Former CIA officer Abigail Spanberger first ran for Congress in 2018 and won in a district President Trump carried by seven points. She was among the flock of moderate Democrats who defeated a Republican incumbent and helped flip the House. I spoke to her on Monday about finding common ground in polarized times.
Part of what makes her effective, she says, is that she doesn’t speak to Republicans with the intent to convince them that they are wrong. “Not everyone has to agree,” she said. Instead, she searches for something on which they have common ground, even if they disagree entirely on policy. She recounted that she once approached a Republican volunteer handing out sample ballots. “I started the conversation because he is involved,” she said, not because they agree on anything. Political involvement itself can be common ground.
Spanberger said she can go days without talking about Trump, despite a political climate that often seems as if everything revolves around whether you are in the Resistance or wearing a MAGA hat. People are “hyper-focused” now on containing covid-19, on restoring the economy and on Internet broadband in rural areas. She talks about keeping health care in place. She doesn’t say we are in this mess because Trump failed to address covid-19; instead, she focuses on what she has done in Congress and what she wants to do going forward.
She also has a record to run on: “I promised to do a town hall in every county in my first year,” she said, adding that she wound up exceeding that mark by 12 town halls. She ticked off other promises she kept, including voting for the U.S.-Mexico-Canada Agreement that replaced NAFTA. She also promised not to vote for Nancy Pelosi (D-Calif.) as House speaker, which she stuck to as well.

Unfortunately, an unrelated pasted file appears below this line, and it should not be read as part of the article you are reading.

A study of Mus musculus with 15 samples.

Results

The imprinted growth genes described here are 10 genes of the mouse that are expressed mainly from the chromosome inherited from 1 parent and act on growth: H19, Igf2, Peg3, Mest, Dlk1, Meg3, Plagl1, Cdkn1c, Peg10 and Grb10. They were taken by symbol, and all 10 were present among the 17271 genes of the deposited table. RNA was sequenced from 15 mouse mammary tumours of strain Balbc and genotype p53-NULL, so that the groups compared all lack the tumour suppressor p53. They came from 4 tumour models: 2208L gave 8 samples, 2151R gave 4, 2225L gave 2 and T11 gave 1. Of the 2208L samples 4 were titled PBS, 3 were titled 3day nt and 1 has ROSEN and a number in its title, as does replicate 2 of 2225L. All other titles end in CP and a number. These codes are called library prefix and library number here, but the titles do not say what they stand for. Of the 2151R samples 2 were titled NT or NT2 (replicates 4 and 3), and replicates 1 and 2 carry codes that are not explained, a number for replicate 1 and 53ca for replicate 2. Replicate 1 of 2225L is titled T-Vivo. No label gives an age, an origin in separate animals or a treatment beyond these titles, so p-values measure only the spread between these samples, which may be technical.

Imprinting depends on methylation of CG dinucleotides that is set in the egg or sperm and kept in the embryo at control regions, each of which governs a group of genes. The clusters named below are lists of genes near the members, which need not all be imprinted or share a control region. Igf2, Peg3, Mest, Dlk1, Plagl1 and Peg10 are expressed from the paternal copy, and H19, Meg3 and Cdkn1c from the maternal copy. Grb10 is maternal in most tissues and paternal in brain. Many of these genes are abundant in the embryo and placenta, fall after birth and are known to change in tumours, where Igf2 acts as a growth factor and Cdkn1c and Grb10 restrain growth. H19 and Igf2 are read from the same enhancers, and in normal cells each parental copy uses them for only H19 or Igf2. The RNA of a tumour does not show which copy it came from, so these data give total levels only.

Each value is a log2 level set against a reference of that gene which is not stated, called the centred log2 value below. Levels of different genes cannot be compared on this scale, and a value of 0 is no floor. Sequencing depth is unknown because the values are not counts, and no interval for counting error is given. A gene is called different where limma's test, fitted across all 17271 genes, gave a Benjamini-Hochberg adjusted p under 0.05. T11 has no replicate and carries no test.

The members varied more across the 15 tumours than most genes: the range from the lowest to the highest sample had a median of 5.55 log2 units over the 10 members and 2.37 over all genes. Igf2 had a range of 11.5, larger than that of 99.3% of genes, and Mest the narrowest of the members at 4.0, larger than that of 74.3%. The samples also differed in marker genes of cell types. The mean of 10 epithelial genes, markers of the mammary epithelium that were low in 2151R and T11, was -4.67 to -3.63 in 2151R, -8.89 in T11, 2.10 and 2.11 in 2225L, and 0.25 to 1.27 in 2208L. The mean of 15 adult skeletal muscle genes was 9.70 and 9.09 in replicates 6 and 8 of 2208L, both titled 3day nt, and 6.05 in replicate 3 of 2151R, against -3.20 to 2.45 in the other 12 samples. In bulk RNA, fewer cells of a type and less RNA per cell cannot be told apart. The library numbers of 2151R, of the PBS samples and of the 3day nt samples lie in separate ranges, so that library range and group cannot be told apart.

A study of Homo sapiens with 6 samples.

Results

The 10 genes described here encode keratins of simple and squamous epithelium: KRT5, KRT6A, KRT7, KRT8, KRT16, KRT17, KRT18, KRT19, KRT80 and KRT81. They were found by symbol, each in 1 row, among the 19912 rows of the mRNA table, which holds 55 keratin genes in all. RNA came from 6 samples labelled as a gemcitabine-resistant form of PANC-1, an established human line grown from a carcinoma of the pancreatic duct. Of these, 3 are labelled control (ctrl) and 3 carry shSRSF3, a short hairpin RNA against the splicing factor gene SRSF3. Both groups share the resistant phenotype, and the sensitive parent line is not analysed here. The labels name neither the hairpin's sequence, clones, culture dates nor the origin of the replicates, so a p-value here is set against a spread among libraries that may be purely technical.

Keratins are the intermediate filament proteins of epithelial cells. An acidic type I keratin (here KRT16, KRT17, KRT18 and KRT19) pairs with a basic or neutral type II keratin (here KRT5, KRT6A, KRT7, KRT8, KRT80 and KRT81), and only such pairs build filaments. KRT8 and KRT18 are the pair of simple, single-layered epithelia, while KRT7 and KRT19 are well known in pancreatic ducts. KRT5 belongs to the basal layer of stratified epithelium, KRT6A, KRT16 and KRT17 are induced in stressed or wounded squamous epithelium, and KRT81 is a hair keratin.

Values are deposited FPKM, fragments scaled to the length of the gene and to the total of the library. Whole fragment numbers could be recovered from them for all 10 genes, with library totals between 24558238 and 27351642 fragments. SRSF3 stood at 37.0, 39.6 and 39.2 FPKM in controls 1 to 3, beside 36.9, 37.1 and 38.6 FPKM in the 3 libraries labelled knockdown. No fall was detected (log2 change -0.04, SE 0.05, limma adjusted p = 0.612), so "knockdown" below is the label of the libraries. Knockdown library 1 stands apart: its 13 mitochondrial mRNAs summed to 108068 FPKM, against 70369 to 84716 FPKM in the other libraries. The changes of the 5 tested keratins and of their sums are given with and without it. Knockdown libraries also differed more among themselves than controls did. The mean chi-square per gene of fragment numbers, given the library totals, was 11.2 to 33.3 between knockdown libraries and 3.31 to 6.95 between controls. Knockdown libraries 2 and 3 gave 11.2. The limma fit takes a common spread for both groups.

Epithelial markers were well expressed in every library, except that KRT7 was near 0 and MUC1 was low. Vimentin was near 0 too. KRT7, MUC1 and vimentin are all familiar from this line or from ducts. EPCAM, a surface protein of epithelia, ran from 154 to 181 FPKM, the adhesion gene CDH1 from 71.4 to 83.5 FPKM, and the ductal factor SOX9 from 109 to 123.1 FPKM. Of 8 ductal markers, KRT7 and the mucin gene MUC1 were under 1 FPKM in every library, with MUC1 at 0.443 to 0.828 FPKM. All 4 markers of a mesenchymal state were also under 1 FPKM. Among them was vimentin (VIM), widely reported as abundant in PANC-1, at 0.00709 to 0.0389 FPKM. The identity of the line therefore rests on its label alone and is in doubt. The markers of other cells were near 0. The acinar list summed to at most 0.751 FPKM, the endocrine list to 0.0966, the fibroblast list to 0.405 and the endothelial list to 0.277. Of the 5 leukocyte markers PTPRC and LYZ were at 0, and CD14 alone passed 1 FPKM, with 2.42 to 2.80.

What does not come up with voters, and hardly seems to matter, is impeachment (which Spanberger supported once the Ukraine scandal broke — not before, as more progressive Democrats did). “That was a lost job ago, an illness ago, a lost family member ago,” she said. Covid-19 and the economy have obliterated that issue and come to dominate people’s lives.
Spanberger is considered a rising star in the party, in no small part because of her national security background. She has also benefited from Pelosi’s effort to elevate freshmen Democrats — especially women — to subcommittee chairs, something that did not occur in the so-called Year of the Woman in 1992. (Spanberger is the chair of the House Conservation and Forestry Subcommittee and sits on the Agriculture and Foreign Affairs committees.)
I asked her whether she would have had a tougher time with Sen. Bernie Sanders (I-Vt.) at the top of the ticket. She tactfully sidestepped the “what if” question: “It’s impossible to imagine,” she said. “Biden clearly came out [on policy] where people wanted. He is the nominee. He is the one who stuck it out. He is the one who built the coalition.” And that, of course, means she is not defending a socialist at the top of the ticket but instead talking bread-and-butter issues.
In case anyone thinks her district has not changed over time, she recounted getting together on Monday with Josephine Fleming, a 102-year-old African American woman born in her district two years before women got the right to vote. Fleming didn’t vote until the 1950s because of the poll tax, but cast her first presidential vote for Adlai Stevenson. Now, she gets to cast her vote for a woman who, unthinkable in Fleming’s childhood, worked undercover for the CIA and then served in Congress. She’s a reminder that great change is possible — but it often takes a long time.
Spanberger is favored to win reelection — and to challenge the perception that moderation in politics is dead.
Amanda Ripley: We’ve created cartoonish narratives about people in the opposite party. They’re not true.